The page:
The Chauffeur Drive man has been loitering outside in the street, shielded by our hedge, for some time. It is ten minutes before our scheduled pickup, but when he spots me checking our car in the driveway for my sunglasses, he moves in.
He is ruthless, seizing our bags the moment they leave the house, packing them efficiently into the back of his limousine.
Some sort of plush SUV, all black leather and a good sound system with seatback entertainment screens. He tucks us in, and we are off. Next stop Tehran!
Well, not quite, but this trip at least we are travelling in premium cabins, and Qantas offers limousine pickup and delivery for long-haul flights nowadays.
Who am I to say no to a freebie?
Canberra is just entering the colourful stage of Autumn. Our suburb is full of old trees, and each year presents a glorious sight. We’ll miss the show on our three weeks away; the leaves will be brown drifts on the lawns, clogging the gutters, and reminding us of our own brief shining moments through the drear winter. But it will be Spring where we are going.
“Did you pack my toothbrush?” my wife asks after we have gone a few blocks, rather surprisingly. We are eight years into our fourth decade of married life, and never in all that time have we packed each other’s toothbrush.
This is code for “I forgot my toothbrush, and I blame you.”
Fair enough. When my wife is embarrassed, it is always my fault. I might be on the other side of the planet, totally unaware, but she will send me an email explaining why I am to blame.
I accept this philosophically. She married a graceless, thoughtless, obsessive clod like me, and I am grateful for it. Often enough the things that cause her stress are directly my fault, and even if I am oblivious, I feel it works out to a kind of justice in the end.
It must work. We are still together, off to explore Iran.
“They’ll give you another on the plane tomorrow.” Emirates will give us a great many goodies, and we will be showered with toothbrushes and other things. This is the reason that I have left the house with a tube of toothpaste approximately the size of a matchstick, the remnant of some long-forgotten Economy flight. It will clean my teeth tonight, and after that, we could probably surf home on a tide of Colgate in thumb-sized tubes.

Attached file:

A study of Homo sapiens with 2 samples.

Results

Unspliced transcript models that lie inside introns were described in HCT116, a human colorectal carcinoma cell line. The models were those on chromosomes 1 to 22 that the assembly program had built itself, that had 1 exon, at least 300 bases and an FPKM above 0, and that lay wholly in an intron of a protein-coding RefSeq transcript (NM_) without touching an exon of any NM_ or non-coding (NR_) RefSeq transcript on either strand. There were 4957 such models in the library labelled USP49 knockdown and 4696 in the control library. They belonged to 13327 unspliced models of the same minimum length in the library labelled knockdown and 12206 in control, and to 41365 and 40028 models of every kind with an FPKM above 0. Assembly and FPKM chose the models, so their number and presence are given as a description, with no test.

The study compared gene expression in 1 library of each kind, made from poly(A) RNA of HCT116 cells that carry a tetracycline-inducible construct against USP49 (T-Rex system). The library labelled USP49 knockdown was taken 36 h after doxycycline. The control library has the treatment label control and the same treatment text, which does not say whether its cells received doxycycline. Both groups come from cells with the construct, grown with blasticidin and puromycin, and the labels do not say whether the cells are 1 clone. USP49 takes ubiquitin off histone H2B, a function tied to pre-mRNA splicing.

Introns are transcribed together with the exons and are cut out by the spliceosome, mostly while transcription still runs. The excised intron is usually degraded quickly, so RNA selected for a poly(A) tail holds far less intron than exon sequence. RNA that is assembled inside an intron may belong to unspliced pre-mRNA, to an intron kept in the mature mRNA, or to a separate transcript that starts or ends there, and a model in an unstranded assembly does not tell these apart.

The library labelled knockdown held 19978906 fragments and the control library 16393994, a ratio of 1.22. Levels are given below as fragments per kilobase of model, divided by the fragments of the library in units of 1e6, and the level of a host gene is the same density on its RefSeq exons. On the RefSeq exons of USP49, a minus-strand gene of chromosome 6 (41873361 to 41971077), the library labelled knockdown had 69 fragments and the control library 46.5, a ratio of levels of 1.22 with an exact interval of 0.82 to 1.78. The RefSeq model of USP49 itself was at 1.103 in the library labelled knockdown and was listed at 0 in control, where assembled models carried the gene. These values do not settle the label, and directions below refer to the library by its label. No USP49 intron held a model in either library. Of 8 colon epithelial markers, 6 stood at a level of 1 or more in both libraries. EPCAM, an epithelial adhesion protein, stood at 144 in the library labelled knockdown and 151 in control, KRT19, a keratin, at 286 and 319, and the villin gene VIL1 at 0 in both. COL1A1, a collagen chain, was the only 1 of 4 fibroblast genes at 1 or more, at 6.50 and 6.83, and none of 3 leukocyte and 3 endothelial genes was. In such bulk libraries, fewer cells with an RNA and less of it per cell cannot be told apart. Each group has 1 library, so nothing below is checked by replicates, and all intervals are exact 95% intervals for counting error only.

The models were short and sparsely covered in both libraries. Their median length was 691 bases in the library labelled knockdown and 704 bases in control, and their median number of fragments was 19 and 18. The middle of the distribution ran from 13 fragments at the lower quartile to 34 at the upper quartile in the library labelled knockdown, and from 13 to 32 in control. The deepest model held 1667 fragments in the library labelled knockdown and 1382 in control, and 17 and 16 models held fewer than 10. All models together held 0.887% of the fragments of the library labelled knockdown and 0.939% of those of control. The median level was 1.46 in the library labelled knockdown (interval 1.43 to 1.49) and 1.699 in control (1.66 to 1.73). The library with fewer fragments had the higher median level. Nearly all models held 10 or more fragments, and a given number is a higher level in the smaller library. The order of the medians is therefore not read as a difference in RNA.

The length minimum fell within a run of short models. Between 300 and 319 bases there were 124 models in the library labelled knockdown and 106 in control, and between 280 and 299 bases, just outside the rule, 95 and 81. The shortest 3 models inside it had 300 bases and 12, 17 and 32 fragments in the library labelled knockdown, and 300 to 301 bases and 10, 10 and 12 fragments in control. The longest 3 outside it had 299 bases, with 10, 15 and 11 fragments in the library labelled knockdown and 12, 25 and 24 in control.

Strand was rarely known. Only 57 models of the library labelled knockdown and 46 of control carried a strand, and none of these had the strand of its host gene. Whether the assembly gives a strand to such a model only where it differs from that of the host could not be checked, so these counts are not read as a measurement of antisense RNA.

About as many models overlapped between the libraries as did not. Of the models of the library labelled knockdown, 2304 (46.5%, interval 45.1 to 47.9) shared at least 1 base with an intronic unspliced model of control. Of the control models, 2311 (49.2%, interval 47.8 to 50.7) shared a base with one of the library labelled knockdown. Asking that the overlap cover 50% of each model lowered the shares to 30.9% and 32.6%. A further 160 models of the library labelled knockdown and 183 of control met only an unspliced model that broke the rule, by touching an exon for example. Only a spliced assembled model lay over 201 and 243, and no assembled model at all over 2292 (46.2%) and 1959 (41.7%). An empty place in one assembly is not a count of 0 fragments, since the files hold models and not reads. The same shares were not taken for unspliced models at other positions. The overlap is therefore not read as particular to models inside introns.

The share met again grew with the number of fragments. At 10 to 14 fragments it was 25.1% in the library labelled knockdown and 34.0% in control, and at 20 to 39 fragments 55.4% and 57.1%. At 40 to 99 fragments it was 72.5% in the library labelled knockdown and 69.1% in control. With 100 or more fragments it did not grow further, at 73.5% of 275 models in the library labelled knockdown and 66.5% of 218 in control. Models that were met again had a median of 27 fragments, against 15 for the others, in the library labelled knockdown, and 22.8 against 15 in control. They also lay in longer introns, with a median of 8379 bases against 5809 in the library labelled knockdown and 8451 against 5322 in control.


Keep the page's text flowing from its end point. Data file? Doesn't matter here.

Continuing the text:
Great minds drive alike
We exhaust the topic of toothbrushes and guilt after a while, and I stare out at the familiar route. As an Uber driver, I often take people to the airport, and I grab the suitcases and tuck the passengers in. I know every way of getting to the airport, and our driver is taking the most efficient route, minimising the number of traffic lights.
As a driver, when I approach the Canberra terminal, I’ll ask if it’s “Qantas or Virgin?” I like to get my passengers to the correct entrance, even if there are only twenty paces between the two. “Each second counts when you are running for a flight,” I say.
“It’s Qantas,” I tell this driver.
“But of course, you already know that,” I say a second later. When Qantas and Emirates formed an unlikely partnership some years ago, Chauffeur Drive was one of the Emirates goodies Qantas took up. They honour each other’s Frequent Flyer statuses, and, like my marriage, it seems to have worked out surprisingly well for all parties.
We are delivered outside the Qantas entrance, our bags are efficiently tumbled out, and I shake my driver’s hand for a job well done. None of this “Pop the boot and unload your own stuff after I’ve taken you the long way,” rubbish I see from taxi drivers. This is pure class, and it is a good start.